Driverless vehicles are set to be tested on motorways across the UK as early as next year.
Chancellor George Osborne is expected to make an announcement next week providing details of the trials which will be run by Highways England.
Osborne believes that the UK can “lead the world in new technologies and infrastructure”. He wants to see Britain become a leader in the development of autonomous vehicles.
He said: “At a time of great uncertainty in the global economy, Britain must take bold decisions now to ensure it leads the world when it comes to new technologies and infrastructure. That’s what my budget next week will seek to do.
“Driverless cars could represent the most fundamental change to transport since the invention of the internal combustion engine. Naturally, we need to ensure safety, and that’s what the trials we are introducing will test.”
The project will be funded by the government’s £100 million Intelligent Mobility Fund.
Patrick McLoughlin, Secretary of State for Transport, believes that the autonomous technology being tested in the trials could “benefit our society and the wider economy by opening up new routes for global investment”.
Transport Minister, Claire Perry, made a similar comment on the technology: “Driverless cars are the future. I want Britain to be at the forefront of this exciting new development, to embrace a technology that could transform our roads and open up a brand new route for global investment.”
“These are still early days but today is an important step. The trials present a fantastic opportunity for this country to take a lead internationally in the development of this new technology.”
Safety is being touted as one of the main advantages of driverless vehicles, but most Brits refuse to be a passenger in one.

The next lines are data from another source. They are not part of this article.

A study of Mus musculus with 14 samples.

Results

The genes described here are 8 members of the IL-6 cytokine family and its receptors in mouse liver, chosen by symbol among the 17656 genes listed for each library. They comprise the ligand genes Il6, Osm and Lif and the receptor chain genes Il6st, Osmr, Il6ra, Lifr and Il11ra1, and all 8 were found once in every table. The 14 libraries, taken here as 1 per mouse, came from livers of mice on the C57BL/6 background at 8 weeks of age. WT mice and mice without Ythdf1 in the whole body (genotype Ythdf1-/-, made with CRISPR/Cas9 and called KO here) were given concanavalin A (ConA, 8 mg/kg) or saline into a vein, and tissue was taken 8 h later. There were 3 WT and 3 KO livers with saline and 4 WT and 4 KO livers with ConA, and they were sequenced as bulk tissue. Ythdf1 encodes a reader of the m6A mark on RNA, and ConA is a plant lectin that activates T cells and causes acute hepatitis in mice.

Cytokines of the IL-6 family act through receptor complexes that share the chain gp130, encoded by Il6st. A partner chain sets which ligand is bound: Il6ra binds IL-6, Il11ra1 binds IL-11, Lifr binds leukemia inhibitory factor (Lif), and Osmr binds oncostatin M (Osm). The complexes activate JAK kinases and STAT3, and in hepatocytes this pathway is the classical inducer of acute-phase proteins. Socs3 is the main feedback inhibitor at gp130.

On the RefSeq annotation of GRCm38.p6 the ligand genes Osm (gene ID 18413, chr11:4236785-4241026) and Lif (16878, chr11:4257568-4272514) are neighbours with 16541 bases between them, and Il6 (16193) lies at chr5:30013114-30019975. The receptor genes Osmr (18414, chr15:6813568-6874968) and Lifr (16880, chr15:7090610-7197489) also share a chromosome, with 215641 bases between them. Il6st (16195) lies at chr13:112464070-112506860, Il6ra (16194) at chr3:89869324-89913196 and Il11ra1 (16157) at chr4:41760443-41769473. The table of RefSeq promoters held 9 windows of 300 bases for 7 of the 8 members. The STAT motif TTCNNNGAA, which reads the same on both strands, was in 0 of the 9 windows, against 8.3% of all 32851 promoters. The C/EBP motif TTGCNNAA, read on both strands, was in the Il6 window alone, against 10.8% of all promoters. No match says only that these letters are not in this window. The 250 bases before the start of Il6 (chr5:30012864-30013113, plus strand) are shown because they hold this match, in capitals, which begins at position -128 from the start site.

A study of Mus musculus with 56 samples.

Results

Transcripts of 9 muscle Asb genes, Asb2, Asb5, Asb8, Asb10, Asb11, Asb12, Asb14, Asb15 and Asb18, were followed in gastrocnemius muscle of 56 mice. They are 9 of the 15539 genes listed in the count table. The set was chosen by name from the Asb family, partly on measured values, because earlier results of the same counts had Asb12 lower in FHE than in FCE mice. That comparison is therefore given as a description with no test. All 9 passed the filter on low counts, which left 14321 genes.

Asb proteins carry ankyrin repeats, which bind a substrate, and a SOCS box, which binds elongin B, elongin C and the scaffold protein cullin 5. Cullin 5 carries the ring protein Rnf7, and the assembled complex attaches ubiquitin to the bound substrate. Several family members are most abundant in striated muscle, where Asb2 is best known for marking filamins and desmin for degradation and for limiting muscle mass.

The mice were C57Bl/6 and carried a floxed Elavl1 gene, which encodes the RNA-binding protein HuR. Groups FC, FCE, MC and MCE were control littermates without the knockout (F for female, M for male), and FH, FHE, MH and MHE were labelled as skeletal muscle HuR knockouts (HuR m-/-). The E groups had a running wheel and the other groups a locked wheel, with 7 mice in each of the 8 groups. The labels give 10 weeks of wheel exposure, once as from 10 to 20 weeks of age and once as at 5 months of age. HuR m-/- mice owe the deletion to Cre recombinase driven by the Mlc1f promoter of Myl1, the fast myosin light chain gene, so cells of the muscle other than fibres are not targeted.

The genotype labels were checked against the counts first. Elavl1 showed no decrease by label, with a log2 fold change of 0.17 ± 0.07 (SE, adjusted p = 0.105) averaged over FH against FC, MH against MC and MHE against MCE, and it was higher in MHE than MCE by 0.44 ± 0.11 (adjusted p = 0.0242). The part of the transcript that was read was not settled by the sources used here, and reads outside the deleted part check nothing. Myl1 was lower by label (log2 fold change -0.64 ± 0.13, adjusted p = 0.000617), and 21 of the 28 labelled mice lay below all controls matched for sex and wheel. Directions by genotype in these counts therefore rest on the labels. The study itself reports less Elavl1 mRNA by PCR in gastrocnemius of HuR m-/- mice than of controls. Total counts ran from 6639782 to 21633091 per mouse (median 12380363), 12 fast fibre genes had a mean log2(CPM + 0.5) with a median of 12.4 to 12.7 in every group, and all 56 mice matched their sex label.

Autonomous vehicles are equipped with systems capable of automatically spotting accidents and keeping a safe distance from other vehicles.
However, a recent poll carried out by uSwitch.com found that 49% of British consumers would refuse to be a passenger in an autonomous car, with only 44% believing the technology could make British roads safer. There are also concerns that the software behind the autonomous technology could be hacked.
Even though trials are already underway in Sweden, Japan and the US, 16% of Britons said they were “Horrified” at the thought of driverless vehicles being allowed to travel around on British roads.
Head of Car Insurance at uSwitch.com, Rod Jones, said:
“With human error accounting for around 90% of road accidents, the potential safety benefits of driverless cars are significant and they should have a positive impact on car insurance premiums.”
“However, confusion is still widespread and it will be vital for the Government and the insurance industry to clarify the issue of liability over the coming months if driverless technology is to receive the widespread public support it deserves.”